More summer reading for kids: Three unique books with unique twists

There's still plenty of time for summer reading fun. Not long ago, I shared summer-themed picture books for little ones. Here are three fun ones for older kids, those who have a hankering for something beyond the picture books.

Each of the following three books — which I recently received free for review — have a unique twist kids (and adults) will appreciate. Take a look:

The Big Bad Wolf Goes on Vacation by Delphine Perret (ages 4 and up, Sterling Publishing, $12.95 hardcover). First up is the perfect story for summer time, especially for kids who get a kick out of comic-style books. Louis and his grandpa enjoy annual vacations at the sea, just the two of them. This year, though, Bernard — a cookie-munching and kooky wolf made famous in Perret's 2006 The Big Bad Wolf and Me — wants to join his pal Louis on the adventure. Silliness ensues as the road trip takes the trio on a memorable trek to the beach. The humorous text and drawings will keep not only the kids giggling at Bernard's antics, but any adults who share the story with their favorite kids, too.

The Remarkable Ronald Reagan: Cowboy and Commander in Chief by Susan Allen, illustrated by Leslie Harrington (for guided reading level P — third and fourth grades, Regnery Publishing, $16.95 hardcover). When my girls were young, I had a set of books called Value Tales, which told the stories of famous folks and enlightened kids of all ages on the values that led the subjects to success and celebrity. This book feels much like those old books (which I so wish I had kept), only with much more heart, soul and solid information. Our 40th president is the subject here, and Allen — who once met "Dutch" in person — shares the story of Ronald Reagan's life, from his humble beginnings as a lifeguard and sportscaster, on up to his years as an actor, then governor, then revered president of the United States. Highlights of the book include the colorful illustrations and solid story line, plus the extensive information (important dates and quotes and more) shared in the back pages. Beyond kiddos, this is a book any history/presidential/Reagan buff will want to add to his or her library.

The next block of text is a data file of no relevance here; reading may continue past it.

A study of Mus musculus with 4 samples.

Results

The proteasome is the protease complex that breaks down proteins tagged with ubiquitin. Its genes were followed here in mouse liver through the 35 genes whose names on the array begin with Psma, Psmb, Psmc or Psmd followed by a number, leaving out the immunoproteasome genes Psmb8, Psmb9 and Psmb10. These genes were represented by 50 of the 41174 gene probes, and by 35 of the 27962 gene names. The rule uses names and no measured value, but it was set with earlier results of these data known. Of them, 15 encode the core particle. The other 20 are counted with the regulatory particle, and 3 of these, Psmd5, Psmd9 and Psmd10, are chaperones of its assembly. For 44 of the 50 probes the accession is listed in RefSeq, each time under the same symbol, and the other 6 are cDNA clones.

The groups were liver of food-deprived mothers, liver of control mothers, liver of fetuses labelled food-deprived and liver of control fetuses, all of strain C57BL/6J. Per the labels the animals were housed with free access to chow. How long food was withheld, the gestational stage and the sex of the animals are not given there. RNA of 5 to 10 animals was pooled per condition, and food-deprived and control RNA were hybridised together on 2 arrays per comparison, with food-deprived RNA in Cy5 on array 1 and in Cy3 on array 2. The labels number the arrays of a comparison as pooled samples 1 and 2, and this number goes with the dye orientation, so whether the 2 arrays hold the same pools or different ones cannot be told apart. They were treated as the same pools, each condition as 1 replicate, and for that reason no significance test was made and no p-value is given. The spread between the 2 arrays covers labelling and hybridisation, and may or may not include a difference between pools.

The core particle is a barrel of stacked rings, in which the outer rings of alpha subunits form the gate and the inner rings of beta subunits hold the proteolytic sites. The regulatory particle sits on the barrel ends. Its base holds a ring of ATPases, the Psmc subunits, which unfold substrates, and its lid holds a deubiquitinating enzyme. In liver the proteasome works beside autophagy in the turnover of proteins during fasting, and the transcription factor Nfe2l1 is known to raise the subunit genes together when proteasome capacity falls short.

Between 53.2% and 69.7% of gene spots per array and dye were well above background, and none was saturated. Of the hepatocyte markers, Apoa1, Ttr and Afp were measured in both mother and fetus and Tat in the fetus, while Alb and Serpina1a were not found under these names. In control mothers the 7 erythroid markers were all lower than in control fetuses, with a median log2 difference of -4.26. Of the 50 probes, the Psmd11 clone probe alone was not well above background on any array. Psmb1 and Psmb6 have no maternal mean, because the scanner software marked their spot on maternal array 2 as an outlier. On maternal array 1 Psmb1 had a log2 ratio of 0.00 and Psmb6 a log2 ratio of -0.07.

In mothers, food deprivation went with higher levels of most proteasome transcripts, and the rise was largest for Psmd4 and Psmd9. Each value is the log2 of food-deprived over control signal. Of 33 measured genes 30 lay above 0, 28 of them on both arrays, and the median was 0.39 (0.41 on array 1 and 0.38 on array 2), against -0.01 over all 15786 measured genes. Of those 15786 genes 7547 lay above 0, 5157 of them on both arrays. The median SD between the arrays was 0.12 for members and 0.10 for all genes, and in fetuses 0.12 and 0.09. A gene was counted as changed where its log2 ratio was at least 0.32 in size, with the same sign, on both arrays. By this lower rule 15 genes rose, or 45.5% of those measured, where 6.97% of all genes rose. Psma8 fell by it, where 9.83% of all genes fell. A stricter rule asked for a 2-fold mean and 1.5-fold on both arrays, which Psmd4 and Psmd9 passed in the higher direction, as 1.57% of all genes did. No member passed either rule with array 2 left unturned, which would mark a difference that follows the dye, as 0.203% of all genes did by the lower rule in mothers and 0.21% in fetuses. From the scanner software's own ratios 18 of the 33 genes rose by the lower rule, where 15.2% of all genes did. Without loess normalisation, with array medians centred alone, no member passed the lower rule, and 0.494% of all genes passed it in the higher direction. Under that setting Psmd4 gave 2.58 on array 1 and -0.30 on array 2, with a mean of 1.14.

Bedtime Math: A Fun Excuse To Stay Up Late by Laura Overdeck, illustrated by Jim Paillot (ages 3-8, Feiwel and Friends — an imprint of Macmillan, $14.99). I used the word unique in the intro above, and this book is truly the most unique of all. So much so, in fact, that in order to do it justice, this book with a mission to make math a fun part of kids' every day life (including bedtime), I'd like to share with you the trailer for the book instead of trying to explain it in mere words:

One point I'd like to make is that although the age range for Bedtime Math, per the publisher, begins at 3, I believe — as the grandmother to a two-year-old and a five-year-old — that the math problems noted for "wee ones" may be too challenging for wee ones of 3; age 4 or 5 might be a better place to start. That said, though, the ability to tailor the book to a child's age is one of the great things about it. Another is the opportunity to attend Pajama Party events featuring Bedtime Math at various libraries and bookstores across the country. Check the Bedtime Math website to see if there's a pajama party near you.

Disclosure: I received the above books free for review. Opinions are my own.